A Potrait of Martin Luther

Luther's Political Influence on the Papal States

This engraving of Martin Luther depicts him mostly likely after he wrote the 95 theses. The engraving of Martin Luther is shaped as an oval with Latin and Dutch sentences below it referencing Luther’s beliefs. This piece was likely used as propaganda for the Protestant cause in what is today the Netherlands. Luther appears well fed and comfortable in the painting, which indicates his status of living and was used to try and gain respect. It is interesting to note that there are no religious emblems on Luther, which indicates his separation from the church. The engraving also reflects Luther’s political importance.

Luther significantly altered the political landscape throughout Italy by separating from the church. Luther rocked the Papal States with his critiques of the church and forced heated political discussions among church leaders, which can be seen with pope Julius III. In addition to this, the wars ranging from The German Peasant War of 1524-25 to the end of the Thirty Years War in 1648. (Wiesner Hanks 180). These religious roles drastic shaped the papal states political policy towards other European state, which led to a nearly continuous call for the eradication of the protestants from the Catholic church. The religious wars were more of a political strategy under the Papal States to try and retain their significant control over the other European states. This can be seen in the “complicated political maneuvering among many of the great power of Europe” where the Papal States broke alliances and tried to regain their sway over Europe (Wiesner Hanks 181).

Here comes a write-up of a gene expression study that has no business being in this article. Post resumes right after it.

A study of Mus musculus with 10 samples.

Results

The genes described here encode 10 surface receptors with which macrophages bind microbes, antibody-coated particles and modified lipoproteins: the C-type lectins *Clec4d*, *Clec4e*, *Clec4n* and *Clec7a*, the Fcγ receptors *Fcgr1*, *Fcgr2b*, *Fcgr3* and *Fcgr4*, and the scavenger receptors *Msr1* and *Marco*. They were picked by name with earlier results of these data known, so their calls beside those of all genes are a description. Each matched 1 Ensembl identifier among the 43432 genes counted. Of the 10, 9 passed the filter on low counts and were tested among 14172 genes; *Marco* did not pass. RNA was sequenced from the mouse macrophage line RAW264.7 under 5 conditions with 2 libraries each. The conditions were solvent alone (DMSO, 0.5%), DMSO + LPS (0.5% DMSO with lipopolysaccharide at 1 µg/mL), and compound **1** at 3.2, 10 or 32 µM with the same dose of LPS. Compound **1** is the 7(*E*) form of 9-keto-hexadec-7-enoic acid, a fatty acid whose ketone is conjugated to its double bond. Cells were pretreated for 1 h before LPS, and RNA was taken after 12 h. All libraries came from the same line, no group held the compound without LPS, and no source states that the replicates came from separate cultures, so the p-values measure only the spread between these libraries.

A portrait of Pope Julius III

Julius III Political Influence on Italy and Europe

Pope Julius III short reign (1550-1555) as pope, would result in the development of the Catholic Reformation. Early in his leadership of the church, he faced the “infectious” spread of Protestantism as well as corruption of religious orders (Wiesner Hanks 187). which he tried his best to fix. In order to combat these troubles, he continued the tactics of Pope Paul III, “he appointed reform minded cardinals, abbots, and bishops who improved education for the clergy, tried to enforce moral standards among them” while also reprimanding significant abuses (Wiesner Hanks 187). In addition to this change of leadership, he continued The Council of Trent (1545-1563) where new debates about the dogma of Communion as well as plans for new reformation decrees (Kirsch). Many royal delegations attended the council, including King Ferdinand and Henry II of France, which shows how important it was to state rulers. Protestants were also promised safe passage to the council, so they could participate and possibly reconcile with the church (Kirsch).

Pope Julius III work with reforming the Catholic church contributed to the greater Catholic Reformation, which was trying to resolve problems pointed out both by the Protestants, but also to address religious controversies or deeply dogmatic subjects. This trend of Popes trying to reform the Catholic church, emphasizes the deeply political nature of church, but also the time period. These reforms would have a tremendous impact on the political stability of Europe, by energizing Catholics and creating a tremendous amount of infrastructure, which would transform the lives of the common man in the early modern era (Wiesner Hanks 192). It also emphasizes the deep political impact the Protestant Reformation had on Europe to elicit such a massive response from the church.